New member here, so, greetings. I’ve just moved into an old house, to be rewired in the spring. Most of the existing wiring is at least 30 years old. The bulb in an old pendant light fitting has blown, but neither my partner nor I can figure out how to remove it. Neither can alleged handyman Dad! The bulb has a Woolworth brand on it so I guess it’s older than both of us. We’ve managed to partially unscrew the white collar holding the bulb, but can’t dislodge the bulb itself. Pushing it into the socket and trying to rotate the bulb, like a bayonet fitting, doesn’t do anything. How do we remove the bulb, please? Thanks. :-)
I expect that this is a normal bayonet bulb, bur the soldered contacts have softened. Best thing to do is to replace the plastic lampholder complete with the bulb, available in any DIY store. Power off before you start.
As proptech says bulbs which have been in the holders for ages do suffer from solder creep where the spring pins form dimples in the solder.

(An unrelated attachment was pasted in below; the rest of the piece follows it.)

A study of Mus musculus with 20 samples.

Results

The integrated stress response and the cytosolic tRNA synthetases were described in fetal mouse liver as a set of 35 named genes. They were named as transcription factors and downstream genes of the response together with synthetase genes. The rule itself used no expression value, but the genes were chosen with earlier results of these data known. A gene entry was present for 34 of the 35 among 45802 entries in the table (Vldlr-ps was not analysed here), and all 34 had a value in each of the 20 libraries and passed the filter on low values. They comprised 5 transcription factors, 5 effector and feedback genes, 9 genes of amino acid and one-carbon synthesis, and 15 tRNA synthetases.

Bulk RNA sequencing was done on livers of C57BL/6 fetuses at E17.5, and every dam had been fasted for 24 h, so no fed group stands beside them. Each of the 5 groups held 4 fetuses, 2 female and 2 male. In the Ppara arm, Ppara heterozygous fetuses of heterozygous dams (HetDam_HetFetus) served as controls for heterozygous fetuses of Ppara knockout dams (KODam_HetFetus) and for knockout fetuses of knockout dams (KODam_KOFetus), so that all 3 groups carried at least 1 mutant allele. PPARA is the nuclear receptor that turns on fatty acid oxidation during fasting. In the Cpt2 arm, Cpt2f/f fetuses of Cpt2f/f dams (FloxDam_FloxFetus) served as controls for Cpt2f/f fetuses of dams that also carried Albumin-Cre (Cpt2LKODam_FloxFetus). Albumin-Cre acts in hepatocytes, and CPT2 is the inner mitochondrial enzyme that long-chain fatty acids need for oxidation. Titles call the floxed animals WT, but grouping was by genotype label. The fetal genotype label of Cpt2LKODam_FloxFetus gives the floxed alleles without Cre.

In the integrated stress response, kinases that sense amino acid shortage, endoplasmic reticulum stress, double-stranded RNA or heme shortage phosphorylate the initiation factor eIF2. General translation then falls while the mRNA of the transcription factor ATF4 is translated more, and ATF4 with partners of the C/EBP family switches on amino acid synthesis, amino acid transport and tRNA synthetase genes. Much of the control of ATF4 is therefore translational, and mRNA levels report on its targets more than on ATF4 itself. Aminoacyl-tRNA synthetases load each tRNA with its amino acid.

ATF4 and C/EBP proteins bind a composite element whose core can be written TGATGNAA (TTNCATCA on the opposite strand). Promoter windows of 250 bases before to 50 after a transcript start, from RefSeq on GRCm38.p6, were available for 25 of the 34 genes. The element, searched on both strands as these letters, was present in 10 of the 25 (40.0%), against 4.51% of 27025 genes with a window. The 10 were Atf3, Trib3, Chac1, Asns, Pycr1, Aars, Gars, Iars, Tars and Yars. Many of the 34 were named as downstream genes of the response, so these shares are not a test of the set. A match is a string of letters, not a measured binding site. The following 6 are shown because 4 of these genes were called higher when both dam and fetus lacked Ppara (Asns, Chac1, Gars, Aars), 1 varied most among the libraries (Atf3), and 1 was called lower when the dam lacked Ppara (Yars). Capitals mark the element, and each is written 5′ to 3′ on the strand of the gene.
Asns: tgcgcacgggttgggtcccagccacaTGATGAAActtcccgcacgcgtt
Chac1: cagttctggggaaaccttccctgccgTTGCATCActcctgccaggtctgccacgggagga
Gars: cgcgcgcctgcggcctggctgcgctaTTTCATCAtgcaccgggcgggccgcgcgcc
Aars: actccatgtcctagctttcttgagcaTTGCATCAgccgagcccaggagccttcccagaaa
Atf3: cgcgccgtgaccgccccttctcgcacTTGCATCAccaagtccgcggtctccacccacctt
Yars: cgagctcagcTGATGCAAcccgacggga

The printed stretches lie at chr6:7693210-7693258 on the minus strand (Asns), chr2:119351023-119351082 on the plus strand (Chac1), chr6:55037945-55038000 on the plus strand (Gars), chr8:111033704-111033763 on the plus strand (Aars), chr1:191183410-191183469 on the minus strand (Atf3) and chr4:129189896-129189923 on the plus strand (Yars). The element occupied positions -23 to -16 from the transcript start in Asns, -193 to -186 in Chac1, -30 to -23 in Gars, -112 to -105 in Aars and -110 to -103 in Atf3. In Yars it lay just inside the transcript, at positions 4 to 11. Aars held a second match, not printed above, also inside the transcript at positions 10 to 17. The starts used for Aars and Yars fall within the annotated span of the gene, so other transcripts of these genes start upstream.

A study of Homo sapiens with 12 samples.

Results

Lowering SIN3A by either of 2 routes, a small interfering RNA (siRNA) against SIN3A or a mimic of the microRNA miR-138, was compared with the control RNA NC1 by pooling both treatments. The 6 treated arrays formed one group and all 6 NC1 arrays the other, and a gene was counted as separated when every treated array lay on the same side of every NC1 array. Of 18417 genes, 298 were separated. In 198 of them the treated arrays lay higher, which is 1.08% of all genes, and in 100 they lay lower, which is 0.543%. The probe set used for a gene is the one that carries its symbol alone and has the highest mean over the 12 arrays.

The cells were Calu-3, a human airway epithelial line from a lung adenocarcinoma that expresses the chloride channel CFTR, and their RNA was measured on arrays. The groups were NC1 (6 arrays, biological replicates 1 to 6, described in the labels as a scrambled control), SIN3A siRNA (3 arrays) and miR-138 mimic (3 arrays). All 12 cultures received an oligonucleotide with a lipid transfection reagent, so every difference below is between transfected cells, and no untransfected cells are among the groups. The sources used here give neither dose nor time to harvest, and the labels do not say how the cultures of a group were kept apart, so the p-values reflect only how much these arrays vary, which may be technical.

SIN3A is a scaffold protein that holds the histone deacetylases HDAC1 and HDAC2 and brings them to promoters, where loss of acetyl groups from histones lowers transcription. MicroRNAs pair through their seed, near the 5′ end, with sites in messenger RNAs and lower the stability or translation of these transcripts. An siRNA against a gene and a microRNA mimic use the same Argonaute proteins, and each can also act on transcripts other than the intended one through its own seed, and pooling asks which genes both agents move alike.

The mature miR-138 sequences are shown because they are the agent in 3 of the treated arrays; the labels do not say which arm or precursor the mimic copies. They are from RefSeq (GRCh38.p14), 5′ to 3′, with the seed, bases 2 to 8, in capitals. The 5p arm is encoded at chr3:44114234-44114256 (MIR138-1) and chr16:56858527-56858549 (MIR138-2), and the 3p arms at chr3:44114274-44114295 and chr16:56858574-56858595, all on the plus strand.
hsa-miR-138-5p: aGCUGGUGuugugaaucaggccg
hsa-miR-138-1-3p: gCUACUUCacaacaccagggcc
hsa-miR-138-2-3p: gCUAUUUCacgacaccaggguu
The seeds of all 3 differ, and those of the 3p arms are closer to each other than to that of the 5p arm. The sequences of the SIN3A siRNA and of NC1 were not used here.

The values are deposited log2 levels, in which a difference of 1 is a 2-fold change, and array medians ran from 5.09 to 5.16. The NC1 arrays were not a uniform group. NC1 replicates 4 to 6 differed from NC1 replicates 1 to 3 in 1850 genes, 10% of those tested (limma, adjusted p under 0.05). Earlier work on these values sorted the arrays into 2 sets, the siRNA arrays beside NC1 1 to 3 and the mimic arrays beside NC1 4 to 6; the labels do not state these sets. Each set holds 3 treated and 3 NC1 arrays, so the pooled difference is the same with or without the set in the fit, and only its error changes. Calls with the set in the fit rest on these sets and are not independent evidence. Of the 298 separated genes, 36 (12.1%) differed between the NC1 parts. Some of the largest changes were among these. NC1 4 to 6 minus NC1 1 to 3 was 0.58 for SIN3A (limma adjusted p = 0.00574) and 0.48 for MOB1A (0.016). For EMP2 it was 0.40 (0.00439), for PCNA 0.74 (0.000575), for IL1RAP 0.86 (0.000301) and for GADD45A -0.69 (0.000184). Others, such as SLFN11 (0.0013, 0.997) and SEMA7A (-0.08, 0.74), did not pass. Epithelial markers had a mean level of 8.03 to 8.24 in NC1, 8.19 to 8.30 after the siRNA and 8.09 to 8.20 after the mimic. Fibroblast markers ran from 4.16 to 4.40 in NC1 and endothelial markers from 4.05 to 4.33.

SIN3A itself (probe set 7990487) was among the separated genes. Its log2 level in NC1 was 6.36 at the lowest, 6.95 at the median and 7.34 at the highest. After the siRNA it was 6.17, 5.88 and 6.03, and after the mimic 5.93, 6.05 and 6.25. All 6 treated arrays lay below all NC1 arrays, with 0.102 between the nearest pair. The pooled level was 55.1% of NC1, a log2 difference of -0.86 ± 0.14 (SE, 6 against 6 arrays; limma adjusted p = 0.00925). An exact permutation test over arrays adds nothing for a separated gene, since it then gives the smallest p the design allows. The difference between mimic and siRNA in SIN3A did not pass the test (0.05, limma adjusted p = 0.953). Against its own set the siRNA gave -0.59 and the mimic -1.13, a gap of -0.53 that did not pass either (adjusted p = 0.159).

In the main caused by a bad connection somewhere on the pins likely where the pin slides up and down. Although clearly with power off you can first try with good glove to protect from glass to put extra effort and if the glass detaches you can use long nose pliers and twist out the shell likely the problem will return.
So better to replace bulb holder normally only two connections and does not matter which way around.
One problem I have seen is where the fuse/MCB/RCBO has been changed from 5 or 6 amp and a 10 or 16 amp one fitted instead. Although it complies with regulations up to 16A when a bulb blows it can have ionisation of the gases inside it (Large flash as it blows) this will often take out a 5A fuse or 6A trip before any damage but with a 16A trip it can melt the solder on the bottom of the bulb welding it in position.
It was common with silly 50mm spot lights to lift MCB size as they used that much power, this is really only allowed if no ceiling roses are used as the rose is used as a junction box and only rated at 6A but it was still done.
In theroy every bulb should have a built in fuse to stop ionisation damaging contacts or tripping the MCB but in practice often not there. I had a lot of problems with Ikea compact fluorescent bulbs welding into bulb holders when they failed.